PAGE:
I’m very sorry I missed this when it first came out on March 19. I spotted it today when someone posted a link to it on Facebook, saying that this had been the review that convinced them to give John Carter a try. It’s a personalized account of how the author reacted to the movie on a first viewing, then eventually decided to see it again — and how the additional viewing gave him additional perspective and appreciation. He chronicles his journey with the film very well. The writer is Pete Peterson, who is the author of The Fiddler’s Gun and Fiddler’s Green. His bio says he is also “a maker of stinky cheeses, wooden boats, and tasty sandwiches.” His site, The Rabbit Room, is well worth a visit.
by Pete Peterson
When I walked into the theater on March 9th, I was a skeptic. I’d seen some really weird looking previews that I filed into the “what the heck was that” drawer and tried to forget about, until a friend pointed me to a few facts that the trailer failed to mention. First, the movie was directed by Oscar-winner Andrew Stanton of Wall-E and Finding Nemo. Second, the script was co-written by Pulitzer Prize and Hugo Award-winner Michael Chabon of The Amazing Adventures of Kavalier & Clay and The Yiddish Policeman’s Union. Third, the film is an adaptation of Edgar Rice Burroughs’ Barsoom series which was the direct inspiration for Star Wars,Flash Gordon, Dune, Avatar, and basically every space opera trope of the 20th (and 21st) century.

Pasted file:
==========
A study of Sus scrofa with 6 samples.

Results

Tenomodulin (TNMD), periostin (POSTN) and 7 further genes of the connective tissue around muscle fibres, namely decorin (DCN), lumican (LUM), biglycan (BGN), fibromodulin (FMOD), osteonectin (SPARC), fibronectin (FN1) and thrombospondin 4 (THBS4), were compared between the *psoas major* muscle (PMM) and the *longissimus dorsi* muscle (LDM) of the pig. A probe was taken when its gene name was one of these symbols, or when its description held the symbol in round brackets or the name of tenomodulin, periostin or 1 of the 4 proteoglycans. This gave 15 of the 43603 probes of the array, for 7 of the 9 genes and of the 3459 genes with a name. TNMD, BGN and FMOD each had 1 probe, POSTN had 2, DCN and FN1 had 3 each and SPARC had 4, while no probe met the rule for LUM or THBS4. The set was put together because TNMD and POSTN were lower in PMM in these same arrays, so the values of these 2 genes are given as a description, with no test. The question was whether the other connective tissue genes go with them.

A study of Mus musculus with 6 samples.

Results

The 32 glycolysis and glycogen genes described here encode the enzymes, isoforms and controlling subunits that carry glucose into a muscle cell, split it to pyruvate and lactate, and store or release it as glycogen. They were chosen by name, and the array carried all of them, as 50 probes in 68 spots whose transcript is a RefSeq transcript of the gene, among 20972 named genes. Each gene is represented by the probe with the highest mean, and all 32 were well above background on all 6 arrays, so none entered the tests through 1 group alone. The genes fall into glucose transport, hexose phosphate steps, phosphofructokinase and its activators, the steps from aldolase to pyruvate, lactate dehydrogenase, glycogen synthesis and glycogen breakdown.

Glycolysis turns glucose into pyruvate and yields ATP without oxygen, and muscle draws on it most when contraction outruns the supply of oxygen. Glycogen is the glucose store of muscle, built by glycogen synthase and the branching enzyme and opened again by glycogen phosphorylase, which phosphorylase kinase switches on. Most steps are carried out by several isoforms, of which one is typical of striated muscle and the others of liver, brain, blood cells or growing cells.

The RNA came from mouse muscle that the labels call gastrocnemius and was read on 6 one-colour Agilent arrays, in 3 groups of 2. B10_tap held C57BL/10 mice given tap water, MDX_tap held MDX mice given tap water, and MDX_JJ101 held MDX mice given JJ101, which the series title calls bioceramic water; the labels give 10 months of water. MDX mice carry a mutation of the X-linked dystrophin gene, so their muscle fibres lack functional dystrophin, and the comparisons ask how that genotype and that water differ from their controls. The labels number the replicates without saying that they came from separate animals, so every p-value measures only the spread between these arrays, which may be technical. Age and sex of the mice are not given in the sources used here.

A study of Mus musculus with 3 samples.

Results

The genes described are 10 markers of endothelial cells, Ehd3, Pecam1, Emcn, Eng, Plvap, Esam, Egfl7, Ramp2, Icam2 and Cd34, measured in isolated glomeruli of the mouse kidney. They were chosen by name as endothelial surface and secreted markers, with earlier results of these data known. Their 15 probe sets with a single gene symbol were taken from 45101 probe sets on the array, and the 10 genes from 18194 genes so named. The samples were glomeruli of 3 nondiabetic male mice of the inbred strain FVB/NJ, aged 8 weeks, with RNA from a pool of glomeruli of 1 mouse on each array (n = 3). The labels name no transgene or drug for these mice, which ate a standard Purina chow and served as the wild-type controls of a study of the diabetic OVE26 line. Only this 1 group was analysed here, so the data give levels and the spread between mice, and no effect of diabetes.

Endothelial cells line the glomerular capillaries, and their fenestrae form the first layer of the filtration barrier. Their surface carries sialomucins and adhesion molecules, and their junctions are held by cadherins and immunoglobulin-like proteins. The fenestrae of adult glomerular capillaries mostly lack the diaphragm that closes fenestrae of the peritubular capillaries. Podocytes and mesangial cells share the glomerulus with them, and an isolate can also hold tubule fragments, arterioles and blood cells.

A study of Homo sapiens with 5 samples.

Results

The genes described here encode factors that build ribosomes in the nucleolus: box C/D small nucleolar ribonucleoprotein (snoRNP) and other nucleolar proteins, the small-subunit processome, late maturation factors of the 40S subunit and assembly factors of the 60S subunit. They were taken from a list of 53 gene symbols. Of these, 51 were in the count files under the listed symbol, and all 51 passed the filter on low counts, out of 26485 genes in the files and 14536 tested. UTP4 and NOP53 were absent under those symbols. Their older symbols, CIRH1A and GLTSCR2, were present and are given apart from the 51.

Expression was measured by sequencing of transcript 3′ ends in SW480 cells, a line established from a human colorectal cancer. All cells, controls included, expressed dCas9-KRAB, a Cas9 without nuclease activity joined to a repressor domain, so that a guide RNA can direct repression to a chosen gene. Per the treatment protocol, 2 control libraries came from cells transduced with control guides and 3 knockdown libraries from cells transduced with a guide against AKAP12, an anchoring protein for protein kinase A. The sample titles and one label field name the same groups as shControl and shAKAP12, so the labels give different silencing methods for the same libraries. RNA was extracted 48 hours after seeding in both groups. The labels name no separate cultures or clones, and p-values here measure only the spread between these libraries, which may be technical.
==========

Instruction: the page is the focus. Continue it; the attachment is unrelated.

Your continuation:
As weird as it looked, I had to give it a chance.
When I walked out of the theater on March 9th, I was teetering on the verge of conversion. I felt a little like I’d just seen a new Star Wars movie, with a dash of Indiana Jones thrown in, but I was bothered by some perceived second act clunkiness, some thinly written scenes, some general goofiness, and, oddly enough, a nagging suspicion of its “almost-greatness.” My reaction was ambiguous, but I couldn’t shake the film. I couldn’t shake the feeling that for two hours, I’d been a kid again, peering wide-eyed into a fantastic world just beyond the world I could see.
I went home that night and lay in bed, kept awake by visions of four-armed Tharks, warrior/scientist princesses, tall ships that sail on light, and the possibility that somewhere there was a world where I could be more than the broken man I am. I started to wonder if anyone else was feeling the same way. After all, the film hadn’t gotten very good reviews and the media was calling it the biggest flop since Ishtar(ouch).
To my great relief, I discovered I’m not the only one. A quick perusal of Twitter and a few internet haunts quickly revealed that the film was connecting with audiences on a worldwide scale. In fact, it was the biggest movie in the world, despite the fact that it opened with split reviews and a baffling marketing campaign.